Everyone knows the scene: A girl, her little dog and a house – all swept up in a twister – tumble high above the cornfields of Kansas until they land smack-dab on a wicked witch on the east side of a faraway land.

The girl opens the door of the house, breathes in the intoxicating color-popping Land of Oz, and leaves her sepia-tinted world behind to follow a winding yellow brick road.

Next year marks the 75th anniversary of the film “The Wizard of Oz.” It’s estimated that more than a billion people have seen it since it first appeared on the silver screen in 1939.

To commemorate the occasion, the Special Collection department of UNC Charlotte’s Atkins Library will display through Jan. 17 the 14 books that author L. Frank Baum wrote that inspired the film version.

In the classic tug-of-war about which is better – the book or the movie – the film version of “The Wizard of Oz” pulls its weight like no other.

But to take a side, said Mark West – a UNC Charlotte English professor, an expert on Baum’s books – people first have to understand how completely different the two are from one another.

The differences extend all the way down to the color of Dorothy’s slippers, which were silver in the book. They were changed to ruby red in the film to take advantage of the brand new movie technology of the late 1930s: color film.

The most striking difference, however, has nothing to do with color and everything to do with the message for each audience.

In the novels, Dorothy is a heroine, an adventurer who strikes out on her own and often saves the male characters in the story. But in the movie, she’s the damsel in distress, who needs men to lead her to safety.

“In the book, Dorothy kicks butt. She takes action. She’s on a quest. She is the person in charge,” said West. “In the movie, Dorothy says, ‘If I ever seek my heart’s desire again, I shall look no further than my own backyard.’ She is basically like a dog with her tail between her legs.”

There’s a reason for Baum’s feminist point of view, unusual for a man living in the 19th century: His mother-in-law, Matilda Joslyn Gage, who was a well-known suffragist, lived with Baum and his wife for most of their adult lives.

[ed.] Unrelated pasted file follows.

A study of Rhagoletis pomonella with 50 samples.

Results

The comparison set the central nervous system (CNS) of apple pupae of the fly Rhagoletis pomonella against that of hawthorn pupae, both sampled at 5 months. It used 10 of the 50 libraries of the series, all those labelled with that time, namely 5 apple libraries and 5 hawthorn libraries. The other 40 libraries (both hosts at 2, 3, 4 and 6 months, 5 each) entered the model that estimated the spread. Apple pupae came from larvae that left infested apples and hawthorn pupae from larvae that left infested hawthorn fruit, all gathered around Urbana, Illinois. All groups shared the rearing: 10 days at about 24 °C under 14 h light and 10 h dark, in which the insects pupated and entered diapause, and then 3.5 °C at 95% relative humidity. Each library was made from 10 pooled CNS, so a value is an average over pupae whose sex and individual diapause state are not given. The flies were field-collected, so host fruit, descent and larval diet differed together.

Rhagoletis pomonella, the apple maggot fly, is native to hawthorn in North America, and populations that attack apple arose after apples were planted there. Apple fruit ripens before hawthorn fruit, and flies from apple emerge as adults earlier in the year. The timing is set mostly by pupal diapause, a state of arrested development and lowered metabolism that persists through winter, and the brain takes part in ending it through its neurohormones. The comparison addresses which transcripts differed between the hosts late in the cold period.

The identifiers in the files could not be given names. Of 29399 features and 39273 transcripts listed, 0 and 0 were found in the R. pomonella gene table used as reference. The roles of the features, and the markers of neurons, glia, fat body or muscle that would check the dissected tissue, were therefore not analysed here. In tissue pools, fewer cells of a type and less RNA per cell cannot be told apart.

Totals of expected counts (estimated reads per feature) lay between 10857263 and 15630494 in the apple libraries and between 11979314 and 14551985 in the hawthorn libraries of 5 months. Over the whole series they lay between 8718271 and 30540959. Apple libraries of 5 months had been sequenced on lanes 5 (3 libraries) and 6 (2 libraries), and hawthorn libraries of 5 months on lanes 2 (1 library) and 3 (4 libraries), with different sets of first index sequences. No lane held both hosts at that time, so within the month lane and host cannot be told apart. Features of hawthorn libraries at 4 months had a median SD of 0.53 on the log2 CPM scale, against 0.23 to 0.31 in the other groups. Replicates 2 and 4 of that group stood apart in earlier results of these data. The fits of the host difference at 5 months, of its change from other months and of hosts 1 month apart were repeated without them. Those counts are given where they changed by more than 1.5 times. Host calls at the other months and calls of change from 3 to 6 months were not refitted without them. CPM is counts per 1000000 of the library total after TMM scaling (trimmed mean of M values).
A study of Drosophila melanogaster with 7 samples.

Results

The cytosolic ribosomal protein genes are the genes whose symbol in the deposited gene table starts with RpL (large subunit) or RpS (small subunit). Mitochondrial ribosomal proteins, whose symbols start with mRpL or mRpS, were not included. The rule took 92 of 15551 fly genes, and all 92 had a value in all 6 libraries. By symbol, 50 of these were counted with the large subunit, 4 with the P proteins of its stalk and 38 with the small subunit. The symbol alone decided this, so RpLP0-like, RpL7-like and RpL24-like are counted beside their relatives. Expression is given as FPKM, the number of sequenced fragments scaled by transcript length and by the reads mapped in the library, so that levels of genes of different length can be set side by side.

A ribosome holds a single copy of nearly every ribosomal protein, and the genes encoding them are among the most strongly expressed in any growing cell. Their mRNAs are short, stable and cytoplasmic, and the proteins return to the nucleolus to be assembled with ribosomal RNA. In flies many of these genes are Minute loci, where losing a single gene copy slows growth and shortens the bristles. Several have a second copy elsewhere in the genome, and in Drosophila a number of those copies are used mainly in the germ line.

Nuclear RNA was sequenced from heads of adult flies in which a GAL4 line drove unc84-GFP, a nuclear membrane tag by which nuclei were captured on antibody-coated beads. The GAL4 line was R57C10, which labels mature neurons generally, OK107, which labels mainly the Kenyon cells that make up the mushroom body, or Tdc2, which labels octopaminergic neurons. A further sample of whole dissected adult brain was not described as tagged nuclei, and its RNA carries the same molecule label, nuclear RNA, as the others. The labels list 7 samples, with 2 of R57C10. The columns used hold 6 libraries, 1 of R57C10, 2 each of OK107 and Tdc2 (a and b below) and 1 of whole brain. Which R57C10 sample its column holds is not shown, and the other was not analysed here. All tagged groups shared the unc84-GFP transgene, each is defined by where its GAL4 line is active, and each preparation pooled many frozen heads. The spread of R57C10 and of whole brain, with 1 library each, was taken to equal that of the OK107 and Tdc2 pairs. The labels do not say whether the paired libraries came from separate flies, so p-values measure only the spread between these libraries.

“Baum was very much exposed to feminine ideas way ahead of when most men had ever thought about it,” said West.

The message may have been flipped like a coin for the film, but many tout that the movie’s other virtues are what make it one of the most popular pictures of all time.

“It delivers characters that we can identify with, and amazing songs that we all know by heart,” said Sam Shapiro, a program director at Charlotte-Mecklenburg Library and a film studies professor at UNC Charlotte.

Shapiro grew up before VHS, DVDs, and video streaming, and recalls his anxiety about the possibility of missing its annual airing on television.

“I remember that it only played once a year, always around Easter time. And you had one shot at it,” said Shapiro. “I was massively depressed when it was over, because I had to wait another 365 days for it to come back on.”

Like generations before and after him, he was taken in by the elaborate sets of that era, the struggle between good and evil, and the switch from sepia tones to vivid primary colors in the fairytale world.

“‘The Wizard of Oz’ doesn’t seem to age,” said Shapiro. “If it blows my mind in 2013, I can only imagine what it was like in 1939.”

His only qualm is with Dorothy’s final decision to leave, after her wild journey through a wonderful land with warm and loyal new friends.

“I’ve seen it maybe 200 times, and you know, I know there’s no place like home, but Kansas doesn’t seem that great,” said Shapiro. “She should have stayed in Oz.”